Training and Dietary Influence on Connective Tissue Adaptations and Injury Risk

Training and Dietary Influence on Connective Tissue Adaptations and Injury Risk

Climbing is a great activity for the heart and soul, but it can be hard on the body.

Many passionate climbers come to suffer from chronic tendon and joint pain, recurrent finger pulley tweaks, elbow tendinosis, shoulder pain, or worse.

Over-enthusiastic training, too few rest days, and chronic protein deficiency are common contributing factors among frequently injured climbers. (Other important factors include age, sex, genetics, loading history, smoking, and medications.) Decreasing collagen quality in the highly stresses tissues (red line) sets the stage for injury. This manifests in some runners as Plantar fasciitis and stress fractures, whereas in climbers it commonly reveals as elbow tendinosis and finger pulley tweaks. 

collagen changes as a result of training and nutrition

Conversely, seldom injured climbers engage in appropriate high-intensity training followed by sufficient rest and low-load training, while consuming adequate protein to support net collagen synthesis and long-term remodeling. These climbers develop stronger tendons season over season, and they have a good chance to advance their climbing ability.

The bottom line: It's essential to recognize the ongoing battle of collagen breakdown versus collagen synthesis in the most highly stresses connective tissues (fingers, arms, shoulders, torso, and knees). As shown in the diagram below, you can tip the scales in your favor (to "net synthesis") by optimizing your training load, volume, rest, and daily protein intake.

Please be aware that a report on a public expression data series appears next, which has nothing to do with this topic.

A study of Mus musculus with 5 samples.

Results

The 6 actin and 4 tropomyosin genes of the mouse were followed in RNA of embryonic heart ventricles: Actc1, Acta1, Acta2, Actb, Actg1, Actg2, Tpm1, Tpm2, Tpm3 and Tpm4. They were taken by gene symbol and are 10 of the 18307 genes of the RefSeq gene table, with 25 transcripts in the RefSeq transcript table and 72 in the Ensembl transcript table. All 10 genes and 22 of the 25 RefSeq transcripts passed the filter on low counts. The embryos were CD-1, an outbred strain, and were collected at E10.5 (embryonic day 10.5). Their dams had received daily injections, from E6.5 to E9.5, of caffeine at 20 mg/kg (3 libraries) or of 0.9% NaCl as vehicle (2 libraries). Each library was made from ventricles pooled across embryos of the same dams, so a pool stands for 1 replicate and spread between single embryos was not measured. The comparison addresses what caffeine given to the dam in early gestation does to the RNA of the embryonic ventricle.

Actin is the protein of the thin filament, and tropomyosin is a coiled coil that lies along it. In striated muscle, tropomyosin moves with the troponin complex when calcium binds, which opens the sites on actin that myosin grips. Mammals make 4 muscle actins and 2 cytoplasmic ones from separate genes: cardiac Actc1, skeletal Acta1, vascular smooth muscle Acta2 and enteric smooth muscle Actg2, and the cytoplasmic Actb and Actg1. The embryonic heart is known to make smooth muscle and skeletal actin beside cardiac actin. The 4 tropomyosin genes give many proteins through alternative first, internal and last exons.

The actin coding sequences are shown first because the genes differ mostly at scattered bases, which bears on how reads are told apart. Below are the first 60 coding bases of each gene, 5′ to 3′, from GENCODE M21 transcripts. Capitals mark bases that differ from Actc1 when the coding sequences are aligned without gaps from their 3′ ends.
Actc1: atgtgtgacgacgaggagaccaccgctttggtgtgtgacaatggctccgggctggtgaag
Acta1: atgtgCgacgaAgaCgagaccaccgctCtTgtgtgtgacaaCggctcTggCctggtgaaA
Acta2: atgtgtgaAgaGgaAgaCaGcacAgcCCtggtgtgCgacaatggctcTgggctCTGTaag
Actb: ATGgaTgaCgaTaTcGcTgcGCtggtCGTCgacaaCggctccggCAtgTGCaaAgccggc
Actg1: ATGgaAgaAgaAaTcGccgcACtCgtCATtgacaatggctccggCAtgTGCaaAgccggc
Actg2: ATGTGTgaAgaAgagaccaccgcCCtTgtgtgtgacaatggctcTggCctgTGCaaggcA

net collagen synthesis as a result of training

Consuming a nutritious diet is the lynchpin of the process and, in particular, it's essential to consume 1.2 to 1.8 grams of protein per kilogram of bodyweight per day.

The primary building blocks of connective tissues are the collagen-specific amino acids (glycine, proline, and hydroxyproline) found in highest amounts in animal meat, bone broth, and collagen supplements. Finding them in plant sources is difficult, however, and so athletes who consume little or no meat are more likely to be deficient in these collagen-specific amino acids. Might this predispose plant-based athletes to a higher rate of connective tissue injuries? (Anecdotal evidence says "yes".)

The Value of Supplemental Protein

Hard-training strength-to-weight ratio athletes, wanting to reduce injury risk and accelerate recovery, may benefit from consuming supplement protein in order to meet their 80 to 120 grams of protein per day requirement. PhysiVāntage Weapons-Grade Whey or plant-based Powerplex Complex provide an excellent amino acid spectrum for accelerating muscle recovery and strength gain.

As for connective tissue remodeling and recovery, Supercharged Collagen is the proven solution according to thousands of PhysiVāntage users. Daily consumptionideally pre-workoutcan be remarkably effective at supporting net positive collagen synthesis.